Wednesday, November 07, 2007

NHL Internet Policy Not a Naked Restraint of Trade

This posting was written by Jeffrey May, Editor of CCH Trade Regulation Reports.

The owner of the New York Rangers was not entitled to a preliminary injunction barring the National Hockey League (NHL) from “seizing” the team’s Web site and transferring it to the league-operated technology platform, the federal district court in New York City has ruled.

Madison Square Garden, L.P. (MSG), owner of the Rangers, unsuccessfully argued that the NHL had “become an ‘illegal cartel’ in its attempts to prevent off-ice competition between and among the NHL member clubs.” MSG failed to demonstrate a likelihood of success on the merits or a sufficiently serious question going to the merits of its antitrust claim, according to the court.

In 2005, the NHL developed a New Media Strategy. Under the plan, each team’s Web site was to be migrated onto a common technology platform, serviced by a single content management system (CMS). Under the plan, the individual teams were responsible for supplying local content and advertising, while the league would retain space for national advertising and league news. The league saw a single CMS as an essential part of the New Media Strategy and believed that the CMS would ensure minimum quality standards and facilitate fan navigation.

MSG filed a complaint for injunctive relief in September 2007, after the NHL informed the team that it would be fined $100,000 each day that it operated its Web site outside of the League platform.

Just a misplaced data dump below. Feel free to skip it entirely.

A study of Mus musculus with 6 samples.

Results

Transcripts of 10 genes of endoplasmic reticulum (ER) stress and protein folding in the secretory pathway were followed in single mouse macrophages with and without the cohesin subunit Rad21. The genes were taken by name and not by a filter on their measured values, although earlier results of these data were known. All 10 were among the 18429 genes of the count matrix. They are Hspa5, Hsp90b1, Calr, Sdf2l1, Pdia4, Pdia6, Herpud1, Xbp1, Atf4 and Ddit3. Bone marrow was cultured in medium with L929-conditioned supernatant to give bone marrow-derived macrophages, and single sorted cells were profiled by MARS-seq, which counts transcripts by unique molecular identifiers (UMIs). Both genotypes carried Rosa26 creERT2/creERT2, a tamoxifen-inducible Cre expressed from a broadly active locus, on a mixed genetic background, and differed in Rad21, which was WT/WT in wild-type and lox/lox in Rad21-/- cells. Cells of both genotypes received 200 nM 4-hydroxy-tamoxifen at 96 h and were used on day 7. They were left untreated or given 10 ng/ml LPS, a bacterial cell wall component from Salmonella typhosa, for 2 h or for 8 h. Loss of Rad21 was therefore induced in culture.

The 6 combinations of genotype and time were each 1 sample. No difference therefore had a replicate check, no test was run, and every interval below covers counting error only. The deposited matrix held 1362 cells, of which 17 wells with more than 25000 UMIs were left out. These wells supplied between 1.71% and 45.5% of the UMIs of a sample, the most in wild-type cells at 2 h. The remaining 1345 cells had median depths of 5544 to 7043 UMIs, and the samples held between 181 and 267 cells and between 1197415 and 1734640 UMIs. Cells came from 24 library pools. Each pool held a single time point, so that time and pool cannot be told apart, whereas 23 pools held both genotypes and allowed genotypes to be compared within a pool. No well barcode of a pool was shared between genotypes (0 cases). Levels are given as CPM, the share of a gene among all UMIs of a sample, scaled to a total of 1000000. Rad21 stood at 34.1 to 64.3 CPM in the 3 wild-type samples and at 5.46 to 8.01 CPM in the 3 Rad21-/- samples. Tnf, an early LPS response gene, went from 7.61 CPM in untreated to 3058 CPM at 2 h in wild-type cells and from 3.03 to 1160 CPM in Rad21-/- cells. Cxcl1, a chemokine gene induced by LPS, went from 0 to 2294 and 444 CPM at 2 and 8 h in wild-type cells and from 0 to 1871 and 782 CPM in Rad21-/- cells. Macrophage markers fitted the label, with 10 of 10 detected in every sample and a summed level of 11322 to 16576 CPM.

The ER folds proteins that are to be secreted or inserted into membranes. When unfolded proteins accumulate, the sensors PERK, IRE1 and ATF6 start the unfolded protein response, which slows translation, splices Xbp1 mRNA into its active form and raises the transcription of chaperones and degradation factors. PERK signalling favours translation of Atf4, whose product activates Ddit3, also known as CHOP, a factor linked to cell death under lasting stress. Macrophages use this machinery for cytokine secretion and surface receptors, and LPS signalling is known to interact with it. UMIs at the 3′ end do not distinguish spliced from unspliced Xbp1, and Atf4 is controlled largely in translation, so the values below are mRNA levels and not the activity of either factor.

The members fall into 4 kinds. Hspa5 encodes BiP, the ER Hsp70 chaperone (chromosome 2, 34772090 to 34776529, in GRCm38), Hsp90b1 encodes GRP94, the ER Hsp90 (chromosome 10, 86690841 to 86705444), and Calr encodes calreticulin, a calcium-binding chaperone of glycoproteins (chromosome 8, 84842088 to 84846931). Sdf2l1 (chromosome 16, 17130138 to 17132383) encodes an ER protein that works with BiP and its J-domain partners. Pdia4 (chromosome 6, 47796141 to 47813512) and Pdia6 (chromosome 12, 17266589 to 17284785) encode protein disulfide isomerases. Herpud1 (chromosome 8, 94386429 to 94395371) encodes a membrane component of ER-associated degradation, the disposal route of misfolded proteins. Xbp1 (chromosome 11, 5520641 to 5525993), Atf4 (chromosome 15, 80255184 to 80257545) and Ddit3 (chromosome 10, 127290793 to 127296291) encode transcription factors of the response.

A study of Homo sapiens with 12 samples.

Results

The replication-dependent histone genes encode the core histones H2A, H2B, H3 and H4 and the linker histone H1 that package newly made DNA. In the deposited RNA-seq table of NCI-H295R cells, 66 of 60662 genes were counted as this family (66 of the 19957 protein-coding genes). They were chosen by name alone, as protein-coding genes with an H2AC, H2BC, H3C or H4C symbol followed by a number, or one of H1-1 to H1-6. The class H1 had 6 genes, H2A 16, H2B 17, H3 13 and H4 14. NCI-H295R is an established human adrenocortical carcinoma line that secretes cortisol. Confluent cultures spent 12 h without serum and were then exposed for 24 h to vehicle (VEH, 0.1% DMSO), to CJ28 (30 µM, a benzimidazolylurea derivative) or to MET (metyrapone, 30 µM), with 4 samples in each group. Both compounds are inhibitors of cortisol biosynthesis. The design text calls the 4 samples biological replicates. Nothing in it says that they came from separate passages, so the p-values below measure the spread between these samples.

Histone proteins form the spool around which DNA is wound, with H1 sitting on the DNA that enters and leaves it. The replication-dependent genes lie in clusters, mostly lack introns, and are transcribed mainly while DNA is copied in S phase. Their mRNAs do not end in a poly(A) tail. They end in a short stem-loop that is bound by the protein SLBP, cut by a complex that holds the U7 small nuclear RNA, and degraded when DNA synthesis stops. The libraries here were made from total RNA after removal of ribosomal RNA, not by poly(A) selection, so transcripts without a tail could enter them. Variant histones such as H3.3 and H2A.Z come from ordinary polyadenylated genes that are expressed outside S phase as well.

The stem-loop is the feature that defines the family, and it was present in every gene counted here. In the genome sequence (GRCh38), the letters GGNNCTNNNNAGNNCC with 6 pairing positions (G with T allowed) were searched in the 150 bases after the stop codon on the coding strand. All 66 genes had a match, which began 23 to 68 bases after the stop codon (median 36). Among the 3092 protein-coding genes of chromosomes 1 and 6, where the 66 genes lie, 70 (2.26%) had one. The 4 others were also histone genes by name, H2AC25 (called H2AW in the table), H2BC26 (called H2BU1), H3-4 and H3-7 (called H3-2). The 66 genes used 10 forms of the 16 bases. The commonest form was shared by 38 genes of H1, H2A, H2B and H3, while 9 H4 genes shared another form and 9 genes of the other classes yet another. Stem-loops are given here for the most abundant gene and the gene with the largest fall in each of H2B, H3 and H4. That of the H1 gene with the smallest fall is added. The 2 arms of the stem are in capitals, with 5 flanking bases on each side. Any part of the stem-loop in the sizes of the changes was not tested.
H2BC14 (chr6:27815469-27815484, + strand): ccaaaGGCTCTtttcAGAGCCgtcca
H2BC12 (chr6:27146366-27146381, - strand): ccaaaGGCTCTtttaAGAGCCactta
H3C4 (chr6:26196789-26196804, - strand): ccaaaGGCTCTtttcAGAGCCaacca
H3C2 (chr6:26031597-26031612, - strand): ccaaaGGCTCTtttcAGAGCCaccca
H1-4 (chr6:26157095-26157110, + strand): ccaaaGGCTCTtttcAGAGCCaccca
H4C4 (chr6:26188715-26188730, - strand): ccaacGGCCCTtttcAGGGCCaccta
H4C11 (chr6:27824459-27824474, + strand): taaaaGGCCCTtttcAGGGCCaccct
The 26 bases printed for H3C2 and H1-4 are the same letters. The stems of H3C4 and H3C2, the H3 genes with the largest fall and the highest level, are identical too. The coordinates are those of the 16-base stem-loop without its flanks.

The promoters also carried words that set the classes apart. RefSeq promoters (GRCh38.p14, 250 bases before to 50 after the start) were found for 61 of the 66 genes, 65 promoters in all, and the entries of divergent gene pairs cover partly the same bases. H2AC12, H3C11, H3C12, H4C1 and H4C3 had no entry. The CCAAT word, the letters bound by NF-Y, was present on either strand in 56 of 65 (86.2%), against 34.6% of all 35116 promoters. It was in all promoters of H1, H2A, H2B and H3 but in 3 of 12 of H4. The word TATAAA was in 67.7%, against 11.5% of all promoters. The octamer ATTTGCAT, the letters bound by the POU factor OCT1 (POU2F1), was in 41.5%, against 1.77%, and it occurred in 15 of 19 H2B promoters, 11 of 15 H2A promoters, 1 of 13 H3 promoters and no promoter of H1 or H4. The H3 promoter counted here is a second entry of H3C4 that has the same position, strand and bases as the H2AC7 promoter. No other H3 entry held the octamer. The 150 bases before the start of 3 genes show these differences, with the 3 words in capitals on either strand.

“Quick Look” Analysis

MSG attempted to label the New Media Strategy as a naked restraint of trade that would be subject to an abbreviated or “quick look” analysis to determine its lawfulness. However, the court “fail[ed] to perceive the nudity.”

A "quick look" analysis was appropriate only when the anticompetitive effects of the restraint were obvious, the court explained. A casual observer could not have summarily concluded that the arrangement had an anticompetitive effect on customers.

Rule of Reason

Thus, MSG had the burden of proving an actual adverse effect on competition in the relevant market under a rule of reason analysis. The team failed to carry its initial burden of showing a prima facie case of an anticompetitive restraint, since it did not demonstrate an actual adverse effect either on competition in the relevant market or market power. Rather, MSG focused on the harm the team perceived to itself.

Even if MSG had carried its initial burden, the league had shown offsetting procompetitive benefits. In light of these procompetitive benefits, the burden would have shifted back to MSG to prove either that the challenged restraint was not reasonably necessary to achieve the league’s procompetitive justifications or that those objectives might be achieved in a manner less restrictive of free competition. MSG failed to meet this burden as well, in the court’s view.

Procompetitive Effects

The league offered several procompetitive effects of the common technology platform. The increased online scale and standardized layout would attract national sponsors and advertisers interested in uniform exposure across the network. This was a key element of the league’s new growth strategy to enhance the NHL’s “national brand” and to compete better against other sports and entertainment products and their Web sites.

The common technology platform also would enable the sponsors and advertisers to reduce transaction costs by negotiating centrally with the league. The strategy would also assure minimum quality standards across team Web sites; increase the interconnectivity across the network; facilitate the sharing of team content; and reduce the costs of operating 30 team Web site operations.

The November 2, 2007, decision in Madison Square Garden, L.P. v. National Hockey League, et al., 07 CV 8455, will appear at 2007-2 CCH Trade Cases ¶75, 929.